Customers clobber Clearwire as execs jump ship
CEO cites personal reasons, others seek new opps
American “4G*” wireless carrier Clearwire has been hit with a customer class action over speeds that don’t meet its marketing, and over the weekend, found three new empty offices in the “C-suite” with the departure of its CEO Bill Morrow. Chief commercial officer Mike Sievert, and CIO Kevin Hart, also announced their resignations.
Chairman John Stanton was named as interim CEO, and among other things will have to swing the damage control machinery into action in the face of the customer lawsuit.
On Thursday (US time), DSL Reports said the customer complaint is over sudden throttling of broadband speeds down as far as 256 Kbps without explaining what usage triggers the slow-down.
In a new wrinkle on the customers-sue-supplier scenario, part of the complaint is that by selling new accounts in the hope of paying for new network infrastructure, Clearwire allegedly ran an operation akin to a Ponzi scheme.
America isn’t the only country in which customers have found the mobile broadband experience was less than they expected. Australian customers of Vodafone have also called in the silks over poor performance.
*Whether any service today warrants the label “4G” depends on whether marketing labels carry more weight than international standards. ®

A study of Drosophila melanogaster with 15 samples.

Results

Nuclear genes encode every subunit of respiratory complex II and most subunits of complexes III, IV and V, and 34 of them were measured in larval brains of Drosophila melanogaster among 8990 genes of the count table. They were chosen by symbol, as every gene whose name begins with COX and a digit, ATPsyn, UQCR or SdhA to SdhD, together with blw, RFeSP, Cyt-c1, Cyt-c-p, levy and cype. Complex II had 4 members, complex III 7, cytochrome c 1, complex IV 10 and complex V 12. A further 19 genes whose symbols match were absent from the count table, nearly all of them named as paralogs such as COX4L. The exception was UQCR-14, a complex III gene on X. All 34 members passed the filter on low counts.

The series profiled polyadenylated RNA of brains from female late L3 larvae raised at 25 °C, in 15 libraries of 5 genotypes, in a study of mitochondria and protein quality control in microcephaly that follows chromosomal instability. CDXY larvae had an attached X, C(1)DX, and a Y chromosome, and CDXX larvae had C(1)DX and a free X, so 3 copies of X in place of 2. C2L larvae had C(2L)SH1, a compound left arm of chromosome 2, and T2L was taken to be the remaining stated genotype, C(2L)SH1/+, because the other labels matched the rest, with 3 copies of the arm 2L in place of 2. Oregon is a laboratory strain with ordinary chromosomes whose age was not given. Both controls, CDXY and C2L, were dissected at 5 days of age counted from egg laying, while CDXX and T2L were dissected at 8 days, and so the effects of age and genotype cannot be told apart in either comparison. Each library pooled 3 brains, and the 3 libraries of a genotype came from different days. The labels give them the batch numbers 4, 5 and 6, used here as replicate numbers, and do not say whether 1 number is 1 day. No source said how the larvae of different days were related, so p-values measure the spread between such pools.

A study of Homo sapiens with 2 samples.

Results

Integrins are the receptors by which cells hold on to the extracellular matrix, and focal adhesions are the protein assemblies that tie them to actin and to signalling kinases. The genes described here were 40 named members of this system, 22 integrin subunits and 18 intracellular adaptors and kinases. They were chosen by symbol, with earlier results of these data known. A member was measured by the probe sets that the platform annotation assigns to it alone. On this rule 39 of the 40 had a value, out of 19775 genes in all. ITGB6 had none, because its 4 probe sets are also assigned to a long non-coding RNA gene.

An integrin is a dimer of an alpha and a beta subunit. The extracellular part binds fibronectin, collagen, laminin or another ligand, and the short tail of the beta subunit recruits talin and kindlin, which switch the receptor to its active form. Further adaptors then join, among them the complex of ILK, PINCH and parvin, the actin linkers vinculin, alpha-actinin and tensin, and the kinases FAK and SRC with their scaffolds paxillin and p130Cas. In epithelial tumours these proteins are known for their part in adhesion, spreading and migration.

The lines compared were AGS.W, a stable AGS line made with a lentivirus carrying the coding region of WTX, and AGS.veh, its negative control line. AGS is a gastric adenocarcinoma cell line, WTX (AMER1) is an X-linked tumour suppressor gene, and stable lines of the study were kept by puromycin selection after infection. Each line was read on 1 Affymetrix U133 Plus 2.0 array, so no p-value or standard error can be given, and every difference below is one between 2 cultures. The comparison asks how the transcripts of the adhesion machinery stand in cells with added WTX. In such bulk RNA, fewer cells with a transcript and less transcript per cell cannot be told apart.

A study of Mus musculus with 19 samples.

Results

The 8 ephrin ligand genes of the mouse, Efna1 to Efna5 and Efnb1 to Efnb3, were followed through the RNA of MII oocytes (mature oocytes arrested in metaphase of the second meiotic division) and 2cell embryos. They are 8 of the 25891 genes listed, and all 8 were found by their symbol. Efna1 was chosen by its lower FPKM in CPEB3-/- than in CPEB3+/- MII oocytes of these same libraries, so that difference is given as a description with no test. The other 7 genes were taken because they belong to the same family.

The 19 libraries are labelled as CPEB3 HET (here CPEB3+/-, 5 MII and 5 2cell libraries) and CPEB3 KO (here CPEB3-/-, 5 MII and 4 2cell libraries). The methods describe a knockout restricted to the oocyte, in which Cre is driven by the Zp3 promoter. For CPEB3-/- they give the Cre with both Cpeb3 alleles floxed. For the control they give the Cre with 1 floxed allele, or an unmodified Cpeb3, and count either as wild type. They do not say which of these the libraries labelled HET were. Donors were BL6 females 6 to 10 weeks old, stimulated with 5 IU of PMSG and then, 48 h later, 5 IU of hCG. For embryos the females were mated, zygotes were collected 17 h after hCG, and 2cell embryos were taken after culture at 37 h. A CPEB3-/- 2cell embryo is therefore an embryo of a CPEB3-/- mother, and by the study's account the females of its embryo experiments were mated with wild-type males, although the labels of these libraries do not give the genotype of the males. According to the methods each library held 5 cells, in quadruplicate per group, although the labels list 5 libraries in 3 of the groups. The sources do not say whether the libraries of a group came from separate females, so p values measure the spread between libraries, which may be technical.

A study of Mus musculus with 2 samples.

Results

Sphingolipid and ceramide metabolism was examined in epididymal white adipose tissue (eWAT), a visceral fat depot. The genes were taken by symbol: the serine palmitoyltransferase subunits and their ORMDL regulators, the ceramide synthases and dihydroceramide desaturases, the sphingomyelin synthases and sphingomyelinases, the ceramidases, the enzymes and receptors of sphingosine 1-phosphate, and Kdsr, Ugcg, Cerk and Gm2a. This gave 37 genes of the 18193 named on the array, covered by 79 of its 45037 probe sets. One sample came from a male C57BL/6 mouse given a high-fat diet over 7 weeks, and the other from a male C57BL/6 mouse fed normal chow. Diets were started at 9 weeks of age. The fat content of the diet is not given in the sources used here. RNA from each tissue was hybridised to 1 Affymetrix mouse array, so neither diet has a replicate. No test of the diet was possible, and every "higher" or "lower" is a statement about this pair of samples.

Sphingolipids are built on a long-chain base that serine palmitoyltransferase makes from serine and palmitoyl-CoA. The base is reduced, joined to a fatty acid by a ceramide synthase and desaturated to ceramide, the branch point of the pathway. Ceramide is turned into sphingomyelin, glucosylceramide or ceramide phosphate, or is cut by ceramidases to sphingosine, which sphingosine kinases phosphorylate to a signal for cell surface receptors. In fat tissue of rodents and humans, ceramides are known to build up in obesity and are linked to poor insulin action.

Could it happen in the UK?
I mean customers (gasp) *suing* companies over what they expected to get.
Throttling is well known already.
The idea of it being a Ponzi (pyramid) scheme is interesting.
Business uses revenue from current sales to finance growth in capability to suppy.
IIRC isn't that how Apple started their funding? Issue an arrest warrant for Steve Wozniak?
Overall Thumbs up. Suppliers should stop offering stuff they can't *deliver*
The bigger the Hype
The more people are let down.
If these Mobile Wireless Internet Services are realistically sold there isn't a problem. The problem is pretending it's Broadband. Unless nearly every street has LTE or Mobile WiMax, it won't be Broadband.
then the international standards change
"*Whether any service today warrants the label “4G” depends on whether marketing labels carry more weight than international standards. ®"
Of course, what about when the international standards change?
So, I'd say neither carry much weight.